Until they come stateside and reach the full season A-ball circuit, international free agent signings are often a bit of a mystery to MLB fanbases. The top guys will generally have had a lot of eyes on them for a while, and plenty of video to boot, but the majority are known only by reputation in their teenage years. The last time we had much news on shortstop Alvaro Gonzalez, he was an 18-year-old getting his feet wet in the Gulf Coast League back in 2019.
As a result, we’re taking a bit of a hack here because it’s just impossible to know how he’s developed since he last saw rookie ball action. Without good competition to hit against, it’s difficult to improve, so patience is advised. Still, Gonzalez is a player we’ve been waiting to see more of, and we should get a lot better idea how he’s developing this year. A lot can change for a young player physically in their late teens and early twenties, and we’re admittedly betting on the upside a bit here.
Gonzalez hails from Valencia, the third largest city in Venezuela. Valencia is tucked in a valley on the southeast side of the coastal mountain range and situated about 25 miles from the Caribbean in north-central Venezuela.
There were rumors prior to the 2017-2018 international signing period that the Boston Red Sox might be the frontrunners for him. Instead, the Detroit Tigers inked him for a cool one million dollar signing bonus, at that time one of the largest they’d ever offered. As a result, he was one of the early heralds of a more aggressive approach to international free agents than the club had previously pursued.
Gonzalez is viewed as a viable future shortstop. He’s also a switch hitter standing six-feet tall and having adding some muscle to the slender frame he possessed at the time of his signing. MLB Pipeline ranked him 23rd in his class at that point.
Gonzalez is a switch-hitter with the tools to play shortstop at the major league level, though a future at third base based seems possible if some quickness is sacrificed for strength gains. He has the arm to handle either position. He features a relatively compact stroke and some feel for contact, but there will be a lot to prove as he moves into the full season A-ball levels this year. Gonzalez does a chance to be a productive hitter, with gap power and the ability to spray the ball all around the field.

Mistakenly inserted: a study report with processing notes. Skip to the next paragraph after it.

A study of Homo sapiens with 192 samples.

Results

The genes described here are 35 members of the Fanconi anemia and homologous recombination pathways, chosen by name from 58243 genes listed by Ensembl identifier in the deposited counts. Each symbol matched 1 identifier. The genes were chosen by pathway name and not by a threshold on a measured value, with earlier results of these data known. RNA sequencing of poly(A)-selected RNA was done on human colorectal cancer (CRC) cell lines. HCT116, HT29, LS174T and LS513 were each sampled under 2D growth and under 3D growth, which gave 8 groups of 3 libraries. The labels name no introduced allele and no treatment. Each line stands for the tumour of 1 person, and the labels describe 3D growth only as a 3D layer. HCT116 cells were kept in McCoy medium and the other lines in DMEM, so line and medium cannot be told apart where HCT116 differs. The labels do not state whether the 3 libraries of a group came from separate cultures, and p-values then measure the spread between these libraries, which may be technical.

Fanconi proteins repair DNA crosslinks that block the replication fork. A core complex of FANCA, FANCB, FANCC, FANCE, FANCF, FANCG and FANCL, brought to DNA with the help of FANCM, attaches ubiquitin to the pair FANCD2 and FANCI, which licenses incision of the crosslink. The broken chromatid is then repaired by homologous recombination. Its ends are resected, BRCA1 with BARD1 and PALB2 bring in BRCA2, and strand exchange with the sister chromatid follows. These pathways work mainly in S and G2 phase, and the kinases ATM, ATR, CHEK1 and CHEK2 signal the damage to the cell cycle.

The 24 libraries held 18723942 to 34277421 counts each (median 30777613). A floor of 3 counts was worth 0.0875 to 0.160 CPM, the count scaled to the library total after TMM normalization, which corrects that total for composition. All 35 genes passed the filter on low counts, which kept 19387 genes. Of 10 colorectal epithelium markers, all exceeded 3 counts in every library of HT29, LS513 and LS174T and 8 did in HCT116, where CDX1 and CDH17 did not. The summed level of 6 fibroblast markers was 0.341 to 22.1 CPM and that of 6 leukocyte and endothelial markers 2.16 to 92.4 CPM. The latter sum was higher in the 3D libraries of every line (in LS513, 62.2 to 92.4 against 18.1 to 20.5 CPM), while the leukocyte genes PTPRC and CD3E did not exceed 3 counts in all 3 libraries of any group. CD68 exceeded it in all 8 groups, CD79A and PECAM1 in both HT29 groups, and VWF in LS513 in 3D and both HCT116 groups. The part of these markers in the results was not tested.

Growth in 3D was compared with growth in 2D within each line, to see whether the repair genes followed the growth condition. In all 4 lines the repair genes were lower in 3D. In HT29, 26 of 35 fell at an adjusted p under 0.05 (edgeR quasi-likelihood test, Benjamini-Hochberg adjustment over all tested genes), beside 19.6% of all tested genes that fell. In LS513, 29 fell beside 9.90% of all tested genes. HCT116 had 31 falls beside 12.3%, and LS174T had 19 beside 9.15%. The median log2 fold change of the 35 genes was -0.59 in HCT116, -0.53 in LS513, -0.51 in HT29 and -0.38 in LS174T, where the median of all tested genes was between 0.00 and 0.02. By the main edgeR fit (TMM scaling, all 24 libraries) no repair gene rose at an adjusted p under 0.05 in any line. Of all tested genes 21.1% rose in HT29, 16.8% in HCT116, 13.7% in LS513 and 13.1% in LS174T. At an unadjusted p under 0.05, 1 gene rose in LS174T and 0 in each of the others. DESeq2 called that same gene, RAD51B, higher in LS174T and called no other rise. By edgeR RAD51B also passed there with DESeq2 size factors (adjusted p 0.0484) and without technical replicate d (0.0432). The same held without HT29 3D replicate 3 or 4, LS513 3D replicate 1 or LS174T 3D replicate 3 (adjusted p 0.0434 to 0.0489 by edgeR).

Defensively, his hands and actions certainly need development, but the physical ability to handle shortstop is present. He’s not a burner on the basepaths, but overall he’s a good athlete with the quickness and agility to expect plenty of further development. Early in his pro career there were quite a few throwing errors, so cleaning up his mechanics will be a major part of his development. Gonzalez plays with energy and passion for the game and seems likely to put the work in to hone his defensive skills. He’ll need that to carry him through the system as a future at third base would put more pressure on the bat.
At last report, Gonzalez’s hit tool was coming along, but he certainly wasn’t dominating the rookie ball levels. He didn’t strike out too much, and has a decent eye for the strike zone. However the pitching there is still very raw, and he didn’t do much damage at the plate either, mainly spraying line drives to all fields. He needs to continue honing better discipline and pitch selection to become the productive, contact oriented hitter the Tigers often dream on, but rarely produce. Still there is batspeed and enough raw power potential to keep us interested, and he’s still just going to be finding his way in full season ball this year. Patience is required.
The real key for him lies with his defensive abilities. The raw talent to be a good shortstop is in place, but needs refinement. Because he’s unlikely to be a big-time run producer, his best path to the majors runs through his ability to play the shortstop position well. That would assure him a good chance at reaching the majors, while the bat determines whether it’s in a regular role or as a utilityman. If he ultimately slides over to third base that adds more pressure on his bat, but he may hit enough to make it work.
Projected 2021 team: Single-A Lakeland Flying Tigers
This is where things get tricky. Gonzalez is now 20, and will turn 21 in September. He should be plenty well prepared to take over as the Flying Tigers shortstop this season—remember that Lakeland is now Single-A, while West Michigan is High-A—but there’s just no way to know what the Tigers have seen from him over the past year. If he isn’t ready to handle that role yet, it’s probably a bad sign.
On the hand, it’s presumable that Gonzalez has made some gains in the interim, and he could surprise us with a leap in his development. As with many of the younger prospects, the year off makes him hard to forecast, but we should know a lot more about him by late summer. He’ll need to start establishing himself as a viable prospect in full season ball this year to stay on the prospect radar.